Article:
Map showing publication footprint
  • Usage in publication:
    • High Falls shales
  • Modifications:
    • Named
  • Dominant lithology:
    • Shale
  • AAPG geologic province:
    • Appalachian basin
Publication:

Hartnagel, C.A., 1905, Notes on the Siluric or Ontario section of eastern New York: New York State Museum Bulletin, no. 80, p. 342-358.


Summary:

Named the High Falls shales for High Falls, Ulster Co., NY. Consists of red shale that overlies the Shawangunk grit and conglomerate and underlies the Binnewater quartzites. Unit is considered the basal unit of the Salina beds in eastern NY. The High Falls is of Late Silurian age.

Source: GNU records (USGS DDS-6; Reston GNULEX).


Map showing publication footprint
  • Usage in publication:
    • High Falls formation
  • Modifications:
    • Areal extent
  • AAPG geologic province:
    • Appalachian basin
Publication:

Ward, Freeman, 1938, Recent geological history of the Delaware Valley below the Water Gap: Pennsylvania Geological Survey General Geology Report, 4th series, no. 10, 76 p.


Summary:

Geographically extended the High Falls formation to Pennsylvania where it is mapped below the Delaware Water Gap. Unit overlies the Shawangunk formation and underlies the Cayuga group (formation). The High Falls is considered synonymous with the Bloomsburg red beds. It is a predominantly red (with some dull greenish) shaly unit with some sandstone.

Source: GNU records (USGS DDS-6; Reston GNULEX).


Map showing publication footprint
  • Usage in publication:
    • High Falls Shale*
  • Modifications:
    • Overview
  • AAPG geologic province:
    • Appalachian basin
Publication:

Epstein, J.B., 1993, Stratigraphy of Silurian rocks in Shawangunk Mountain, southeastern New York, including a historical review of nomenclature, IN Evolution of sedimentary basins; Appalachian basin: U.S. Geological Survey Bulletin, 1839-L, p. L1-L40.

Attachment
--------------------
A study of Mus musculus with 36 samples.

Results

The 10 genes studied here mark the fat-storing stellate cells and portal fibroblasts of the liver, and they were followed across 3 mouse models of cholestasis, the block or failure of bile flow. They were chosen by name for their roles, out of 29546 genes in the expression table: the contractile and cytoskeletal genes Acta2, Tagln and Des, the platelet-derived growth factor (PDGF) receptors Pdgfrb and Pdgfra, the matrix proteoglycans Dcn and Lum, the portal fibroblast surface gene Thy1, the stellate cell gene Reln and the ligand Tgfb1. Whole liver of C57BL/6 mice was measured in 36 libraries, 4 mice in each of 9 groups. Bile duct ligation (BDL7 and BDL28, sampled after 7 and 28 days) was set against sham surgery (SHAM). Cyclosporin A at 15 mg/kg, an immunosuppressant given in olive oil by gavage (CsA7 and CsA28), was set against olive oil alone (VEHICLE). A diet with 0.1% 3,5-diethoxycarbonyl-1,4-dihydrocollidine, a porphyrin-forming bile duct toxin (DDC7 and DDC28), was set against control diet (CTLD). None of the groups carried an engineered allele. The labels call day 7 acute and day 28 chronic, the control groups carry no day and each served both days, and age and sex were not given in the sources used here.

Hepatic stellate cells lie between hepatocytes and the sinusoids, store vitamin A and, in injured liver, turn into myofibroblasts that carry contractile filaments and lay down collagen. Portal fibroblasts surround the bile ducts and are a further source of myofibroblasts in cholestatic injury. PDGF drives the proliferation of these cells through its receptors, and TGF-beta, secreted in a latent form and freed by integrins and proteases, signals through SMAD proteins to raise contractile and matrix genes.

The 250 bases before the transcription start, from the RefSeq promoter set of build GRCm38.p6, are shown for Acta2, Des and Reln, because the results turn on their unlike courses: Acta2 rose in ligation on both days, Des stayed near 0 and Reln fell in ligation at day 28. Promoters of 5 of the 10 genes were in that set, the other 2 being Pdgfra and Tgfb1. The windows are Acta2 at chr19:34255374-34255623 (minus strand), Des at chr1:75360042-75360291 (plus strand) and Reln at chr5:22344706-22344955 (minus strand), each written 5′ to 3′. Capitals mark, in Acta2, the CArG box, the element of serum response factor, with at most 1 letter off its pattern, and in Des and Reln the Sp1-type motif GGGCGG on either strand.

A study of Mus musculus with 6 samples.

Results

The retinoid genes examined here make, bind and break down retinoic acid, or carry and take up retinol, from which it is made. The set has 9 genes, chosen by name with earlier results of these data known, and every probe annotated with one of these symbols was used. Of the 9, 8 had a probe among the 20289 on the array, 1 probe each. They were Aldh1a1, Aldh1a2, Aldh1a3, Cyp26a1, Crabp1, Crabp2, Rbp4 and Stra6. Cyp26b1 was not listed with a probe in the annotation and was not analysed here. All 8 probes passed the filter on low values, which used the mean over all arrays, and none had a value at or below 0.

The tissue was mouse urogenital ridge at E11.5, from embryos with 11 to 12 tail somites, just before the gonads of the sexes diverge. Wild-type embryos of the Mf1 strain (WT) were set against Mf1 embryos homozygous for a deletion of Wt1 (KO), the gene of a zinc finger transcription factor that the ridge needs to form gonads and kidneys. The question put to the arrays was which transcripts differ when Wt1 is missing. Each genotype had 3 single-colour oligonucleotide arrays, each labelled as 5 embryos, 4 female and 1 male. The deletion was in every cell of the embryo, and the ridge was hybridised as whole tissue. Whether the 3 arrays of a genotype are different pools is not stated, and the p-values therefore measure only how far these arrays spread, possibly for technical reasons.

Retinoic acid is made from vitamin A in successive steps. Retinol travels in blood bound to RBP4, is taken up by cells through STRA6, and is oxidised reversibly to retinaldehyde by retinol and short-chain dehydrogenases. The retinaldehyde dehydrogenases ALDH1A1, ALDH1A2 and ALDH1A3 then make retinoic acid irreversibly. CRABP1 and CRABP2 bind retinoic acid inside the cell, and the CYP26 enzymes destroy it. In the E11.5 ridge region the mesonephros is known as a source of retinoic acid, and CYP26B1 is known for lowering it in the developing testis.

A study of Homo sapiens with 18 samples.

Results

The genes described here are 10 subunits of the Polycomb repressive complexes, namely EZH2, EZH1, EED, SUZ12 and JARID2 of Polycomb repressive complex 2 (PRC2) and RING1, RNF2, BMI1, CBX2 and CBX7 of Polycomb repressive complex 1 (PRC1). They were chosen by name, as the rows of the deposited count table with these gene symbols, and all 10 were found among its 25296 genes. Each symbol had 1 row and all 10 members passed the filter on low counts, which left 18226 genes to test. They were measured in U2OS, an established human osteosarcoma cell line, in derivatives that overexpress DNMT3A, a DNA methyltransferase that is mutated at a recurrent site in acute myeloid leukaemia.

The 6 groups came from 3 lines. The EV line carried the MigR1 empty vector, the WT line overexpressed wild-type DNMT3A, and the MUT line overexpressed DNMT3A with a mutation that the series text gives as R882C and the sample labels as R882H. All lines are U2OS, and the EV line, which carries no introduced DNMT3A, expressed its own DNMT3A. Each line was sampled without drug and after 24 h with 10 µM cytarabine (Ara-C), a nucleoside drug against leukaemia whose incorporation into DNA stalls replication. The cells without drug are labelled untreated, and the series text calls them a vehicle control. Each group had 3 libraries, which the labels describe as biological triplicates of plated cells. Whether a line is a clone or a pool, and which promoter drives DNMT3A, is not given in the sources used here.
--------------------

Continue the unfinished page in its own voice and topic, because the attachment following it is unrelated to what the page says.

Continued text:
Summary:

The High Falls Shale consists of a 55 foot thick lower unit of red and green shale and green dolomite, a 12 foot thick medial unit of green, calcareous dolomite with a bed of dark-gray, laminated dolomite at the base, and a 25 foot thick upper unit of gray, green, and red calcareous and silty shale with some thin dolomite beds. The basal contact of the High Falls is placed at the base of the first red bed above the uppermost quartzite or conglomerate of the Shawangunk Formation and the upper contact is gradational with the overlying Binnewater Sandstone. Unit ranges from 46 to 100 feet thick. The High Falls Shale has been confused by some earlier workers as being equivalent to the Bloomsburg Red Beds.

Source: GNU records (USGS DDS-6; Reston GNULEX).



Asterisk (*) indicates usage by the U.S. Geological Survey. Other usages by state geological surveys.

"No current usage" (†) implies that a name has been abandoned or has fallen into disuse. Former usage and, if known, replacement name given in parentheses ( ).

Slash (/) indicates name does not conform with nomenclatural guidelines (CSN, 1933; ACSN, 1961, 1970; NACSN, 1983, 2005). This may be explained within brackets ([ ]).